Addiction Took Her Son But Couldn’t Shatter a Mother’s Love
Besides the death and damage that addiction inflicts on users, it also tears apart family members who are often helpless as their loved one struggles. But these struggles don’t extinguish their love.
As reported by the Daily Journal of Franklin Indiana, no matter how much pain and anguish it caused, addiction couldn’t shatter a mother’s love for her son. Ginny Kelp watched as opioid pain pills and then heroin seemed to swallow up her son, John Cunningham.
Addiction wasn’t just consuming Cunningham’s life. His family was sucked into its depths as well. Everything they did seemed to be focused on helping get him better, or doing what they could to at least make sure he didn’t die. They agonized over ways to lead him to sobriety.
“It took his soul. It took all of our souls,” Kelp said. “But as his mother, you love him all the way through it. I never gave up on my son.”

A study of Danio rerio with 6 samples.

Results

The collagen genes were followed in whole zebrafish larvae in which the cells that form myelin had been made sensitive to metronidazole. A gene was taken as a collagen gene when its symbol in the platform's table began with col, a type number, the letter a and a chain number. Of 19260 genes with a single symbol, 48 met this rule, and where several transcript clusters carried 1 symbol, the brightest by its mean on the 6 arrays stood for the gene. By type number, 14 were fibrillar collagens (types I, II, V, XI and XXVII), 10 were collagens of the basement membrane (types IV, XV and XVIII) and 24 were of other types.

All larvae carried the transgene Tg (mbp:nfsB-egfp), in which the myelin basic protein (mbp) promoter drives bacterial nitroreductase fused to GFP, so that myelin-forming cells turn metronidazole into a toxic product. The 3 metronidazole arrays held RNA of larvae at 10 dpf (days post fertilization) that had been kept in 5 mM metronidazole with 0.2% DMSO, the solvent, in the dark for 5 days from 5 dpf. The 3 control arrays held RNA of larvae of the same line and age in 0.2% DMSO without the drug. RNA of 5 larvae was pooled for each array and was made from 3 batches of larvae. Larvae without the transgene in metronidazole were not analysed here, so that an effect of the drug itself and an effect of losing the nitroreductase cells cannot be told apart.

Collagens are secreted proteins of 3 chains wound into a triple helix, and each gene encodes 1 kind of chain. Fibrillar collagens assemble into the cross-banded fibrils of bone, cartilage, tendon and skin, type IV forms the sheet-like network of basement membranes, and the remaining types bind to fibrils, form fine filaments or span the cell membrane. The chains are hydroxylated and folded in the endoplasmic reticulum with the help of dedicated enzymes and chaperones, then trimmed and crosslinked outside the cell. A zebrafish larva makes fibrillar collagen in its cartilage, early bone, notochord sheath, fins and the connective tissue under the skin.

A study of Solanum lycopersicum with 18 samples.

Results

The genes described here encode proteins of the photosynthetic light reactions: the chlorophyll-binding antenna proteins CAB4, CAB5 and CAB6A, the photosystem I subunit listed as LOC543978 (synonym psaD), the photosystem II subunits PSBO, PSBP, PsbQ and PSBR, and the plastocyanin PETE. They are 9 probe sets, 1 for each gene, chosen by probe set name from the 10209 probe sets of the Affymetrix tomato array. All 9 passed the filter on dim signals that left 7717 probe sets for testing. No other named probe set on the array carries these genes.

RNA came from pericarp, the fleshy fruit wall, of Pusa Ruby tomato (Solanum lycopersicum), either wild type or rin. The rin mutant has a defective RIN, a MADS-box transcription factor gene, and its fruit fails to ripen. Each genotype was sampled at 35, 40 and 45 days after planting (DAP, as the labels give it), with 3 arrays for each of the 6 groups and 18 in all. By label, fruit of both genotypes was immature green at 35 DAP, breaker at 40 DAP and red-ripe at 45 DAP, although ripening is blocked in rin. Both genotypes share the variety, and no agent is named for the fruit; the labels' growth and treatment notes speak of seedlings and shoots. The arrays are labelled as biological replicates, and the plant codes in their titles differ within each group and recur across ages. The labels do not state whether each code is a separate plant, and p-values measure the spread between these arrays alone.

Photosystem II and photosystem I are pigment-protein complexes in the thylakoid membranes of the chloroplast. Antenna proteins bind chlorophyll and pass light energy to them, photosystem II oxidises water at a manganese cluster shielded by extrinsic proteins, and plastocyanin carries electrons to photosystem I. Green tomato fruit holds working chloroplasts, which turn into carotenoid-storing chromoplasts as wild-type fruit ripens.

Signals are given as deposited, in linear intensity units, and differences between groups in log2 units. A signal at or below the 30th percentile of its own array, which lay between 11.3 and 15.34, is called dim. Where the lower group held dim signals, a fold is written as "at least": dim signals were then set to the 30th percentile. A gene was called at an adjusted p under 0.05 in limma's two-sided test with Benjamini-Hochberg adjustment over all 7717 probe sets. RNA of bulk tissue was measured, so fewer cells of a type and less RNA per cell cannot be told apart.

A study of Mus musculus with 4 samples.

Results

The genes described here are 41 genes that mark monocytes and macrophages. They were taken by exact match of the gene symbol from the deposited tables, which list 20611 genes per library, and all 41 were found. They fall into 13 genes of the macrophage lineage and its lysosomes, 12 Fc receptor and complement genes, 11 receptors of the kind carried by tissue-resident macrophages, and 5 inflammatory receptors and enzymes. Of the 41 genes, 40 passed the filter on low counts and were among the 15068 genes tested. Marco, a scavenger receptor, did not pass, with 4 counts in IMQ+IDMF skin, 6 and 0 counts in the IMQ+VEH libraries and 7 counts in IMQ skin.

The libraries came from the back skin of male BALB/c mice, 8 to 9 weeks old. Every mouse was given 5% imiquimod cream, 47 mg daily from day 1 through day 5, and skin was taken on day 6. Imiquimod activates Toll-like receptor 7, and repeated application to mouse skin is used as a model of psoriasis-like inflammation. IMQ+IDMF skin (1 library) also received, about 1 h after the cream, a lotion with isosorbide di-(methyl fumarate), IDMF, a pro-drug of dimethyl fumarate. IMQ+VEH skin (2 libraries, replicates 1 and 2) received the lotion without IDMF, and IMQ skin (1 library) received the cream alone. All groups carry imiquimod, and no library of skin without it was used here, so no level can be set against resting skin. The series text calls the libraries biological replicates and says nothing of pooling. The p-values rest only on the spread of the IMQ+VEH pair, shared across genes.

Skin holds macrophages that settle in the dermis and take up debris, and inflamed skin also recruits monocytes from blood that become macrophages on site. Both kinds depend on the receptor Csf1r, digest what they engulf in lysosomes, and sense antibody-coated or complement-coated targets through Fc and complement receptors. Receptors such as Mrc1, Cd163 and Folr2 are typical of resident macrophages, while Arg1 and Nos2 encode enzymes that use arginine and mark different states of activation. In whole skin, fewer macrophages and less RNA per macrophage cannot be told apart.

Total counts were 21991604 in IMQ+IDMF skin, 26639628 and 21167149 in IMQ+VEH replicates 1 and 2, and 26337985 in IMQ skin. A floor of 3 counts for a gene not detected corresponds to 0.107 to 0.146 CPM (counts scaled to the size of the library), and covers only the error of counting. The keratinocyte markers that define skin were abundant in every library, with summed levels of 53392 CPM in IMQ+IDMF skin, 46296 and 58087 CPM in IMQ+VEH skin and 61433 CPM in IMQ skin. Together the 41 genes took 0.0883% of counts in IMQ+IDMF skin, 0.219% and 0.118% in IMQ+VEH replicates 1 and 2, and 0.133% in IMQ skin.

Parents whose teenager or young adult are addicted can feel isolated by the stigma of opioids, said Dr. Keith Humphreys, a professor of psychiatry and behavioral sciences at Stanford University.
“A lot of people’s view is ‘wow, you must really be a bad parent,’” said Humphreys, who was the senior policy adviser to the White House Office of National Drug Control Policy. “That is very isolating for the parents. If your teenager gets cancer, everyone bakes food and comes over. But this, everyone shuns you.”
Humphreys’s advice to families whose dependent child is addicted: Fighting the addiction has to be the family’s No. 1 priority at all times. Never laugh it off as typical teen behavior.